Saturday, March 21, 2009

Systemic Failure

Systemic Failure
By Patrick J. Buchanan
March 20, 2009

As the U.S. financial crisis broadens and deepens, wiping out the
wealth and savings of tens of millions, destroying hopes and
dreams, it is hard not to see in all of this history's verdict upon
this generation.

We have been weighed in the balance and found wanting.

For how did this befall us, save through decisions that brushed
aside lessons that history and experience had taught our fathers?

It all began with the corruption called sub-prime mortgages.

The motivation was not wicked. Democrats wanted to raise home
ownership among African-Americans from 50 percent to the 75 percent
of white folks. Rove Republicans wanted to do the same for Hispanics.

Banks were morally pressured by politicians into making home loans
to folks who could not remotely qualify under standards set by
decades of experience with mortgage defaults.

Made by the millions, these loans were sold in vast quantities to
Fannie Mae and Freddie Mac. There they were packaged, converted
into mortgage-backed securities and sold to the big banks. The
banks put scores of billions of dollars worth on their books and
sold the rest to foreign banks anxious to acquire Triple-A
securities, backed by real estate in America's ever-booming housing

Computer whizzes devised exotic instruments -- derivatives, which
could soar in value, making instant multimillionaires, but also
plummet, based on rises and dips in the underlying value of the

Came now young geniuses at AIG to insure the banks against
catastrophic losses, should the U.S. housing market crash. As the
risk was minuscule, premiums were tiny. Payouts, however, should it
come to that, were beyond AIG's capacity.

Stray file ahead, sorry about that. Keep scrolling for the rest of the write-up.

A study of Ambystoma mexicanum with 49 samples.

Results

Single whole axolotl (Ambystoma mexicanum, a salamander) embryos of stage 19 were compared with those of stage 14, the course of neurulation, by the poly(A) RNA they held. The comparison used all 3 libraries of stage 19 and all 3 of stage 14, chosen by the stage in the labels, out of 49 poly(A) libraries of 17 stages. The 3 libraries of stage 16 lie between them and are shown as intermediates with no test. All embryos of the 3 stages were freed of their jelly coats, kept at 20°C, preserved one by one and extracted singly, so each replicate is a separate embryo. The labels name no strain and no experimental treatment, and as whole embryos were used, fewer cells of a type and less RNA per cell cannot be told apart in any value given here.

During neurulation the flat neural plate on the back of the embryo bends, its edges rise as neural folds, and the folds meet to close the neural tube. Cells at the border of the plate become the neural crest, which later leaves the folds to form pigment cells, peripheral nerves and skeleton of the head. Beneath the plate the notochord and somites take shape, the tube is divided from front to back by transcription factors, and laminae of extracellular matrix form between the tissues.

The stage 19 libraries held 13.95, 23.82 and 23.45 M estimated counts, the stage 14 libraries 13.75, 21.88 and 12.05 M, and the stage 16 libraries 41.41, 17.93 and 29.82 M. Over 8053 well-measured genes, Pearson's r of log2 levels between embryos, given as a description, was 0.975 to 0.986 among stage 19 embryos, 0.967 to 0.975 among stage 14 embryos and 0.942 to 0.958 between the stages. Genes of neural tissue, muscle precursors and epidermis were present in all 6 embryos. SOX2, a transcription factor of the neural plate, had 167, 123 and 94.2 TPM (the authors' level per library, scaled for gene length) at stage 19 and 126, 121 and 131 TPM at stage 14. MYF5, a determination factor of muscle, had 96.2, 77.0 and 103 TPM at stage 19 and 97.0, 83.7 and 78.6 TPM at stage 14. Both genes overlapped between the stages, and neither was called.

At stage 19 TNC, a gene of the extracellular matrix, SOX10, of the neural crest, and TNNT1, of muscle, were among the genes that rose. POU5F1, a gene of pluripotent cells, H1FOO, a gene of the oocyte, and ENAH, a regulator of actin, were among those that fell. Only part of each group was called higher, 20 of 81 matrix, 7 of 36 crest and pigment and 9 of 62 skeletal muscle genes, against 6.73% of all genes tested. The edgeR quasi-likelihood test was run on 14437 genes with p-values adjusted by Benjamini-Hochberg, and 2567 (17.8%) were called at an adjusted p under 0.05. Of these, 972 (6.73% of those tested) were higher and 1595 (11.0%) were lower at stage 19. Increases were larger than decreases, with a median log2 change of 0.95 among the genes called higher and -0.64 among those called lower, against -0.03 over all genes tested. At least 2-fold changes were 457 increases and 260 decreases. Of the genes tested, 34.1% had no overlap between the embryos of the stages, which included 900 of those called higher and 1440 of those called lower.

In AIG's Financial Products division, based in Connecticut and
London, brainiacs were creating other exotic instruments, such as
credit default swaps to guarantee against losses and insure
profits. To keep these wunderkinds at AIG, they were promised
million-dollar retention bonuses.

Who kept the game going?

The Federal Reserve, by keeping interest rates low and money
gushing into the economy, created the bubble that saw housing
prices rise annually at 10, 15 and 20 percent.

As the economy grew, however, the Fed began to tighten, to raise
interest rates. Mortgage terms became tougher. Housing prices
stabilized. Homeowners with sub-prime mortgages now found they had
to start paying down principal. People losing jobs began to walk
away from their houses.

Belatedly, folks awoke to the reality that housing prices could go
south as well as north, and all that paper spread all over the
world was overvalued, and a good bit of it might be worthless.

And, so, the crash came and the panic ensued.

Who is to blame for the disaster that has befallen us?

Their name is legion.

There are the politicians who bullied banks into making loans the
banks knew were bad to begin with and would never have made without
threats or the promise of political favors.

There is that den of thieves at Fannie and Freddie who massaged the
politicians with campaign contributions and walked away from the
wreckage with tens of millions in salaries and bonuses.

There are the idiot bankers who bought up securities backed by
sub-prime mortgages and were too indolent to inspect the rotten
paper on their books. There are the ratings agencies, like Moody's
and Standard & Poor's, who gazed at the paper and declared it to be
Grade A prime.

In short, this generation of political and financial elites has
proven itself unfit to govern a great nation. What we have is a
system failure that is rooted in a societal failure. Behind our
disaster lie the greed, stupidity and incompetence of the
leadership of a generation.

Does Dr. Obama have the cure for the sickness that ails the republic?

He is going to borrow and spend trillions more to bring back the
good old days, though it was the good old days that brought us to
the edge of the abyss into which we have fallen. Then he is going
to spend new trillions to give us benefits we do not now have,
though the national debt is surging to 100 percent of the Gross
National Product, and may reach there by 2011.

Is Obama willing to speak hard truths?

Is he willing to say that home ownership is for those with sound
credit and solid jobs? Is he willing to say that credit, whether
for auto loans, or student loans, or consumer purchases, should be
restricted to those who have shown the maturity to manage debt --
and no others need apply?

"Avarice, ambition," warned John Adams, "would break the strongest
cords of our Constitution as a whale goes through a net. Our
Constitution is made only for a moral and religious people. It is
wholly inadequate to the government of any other."

In this deepening crisis, what is being tested is not simply the
resilience of capitalism, but the character of a people.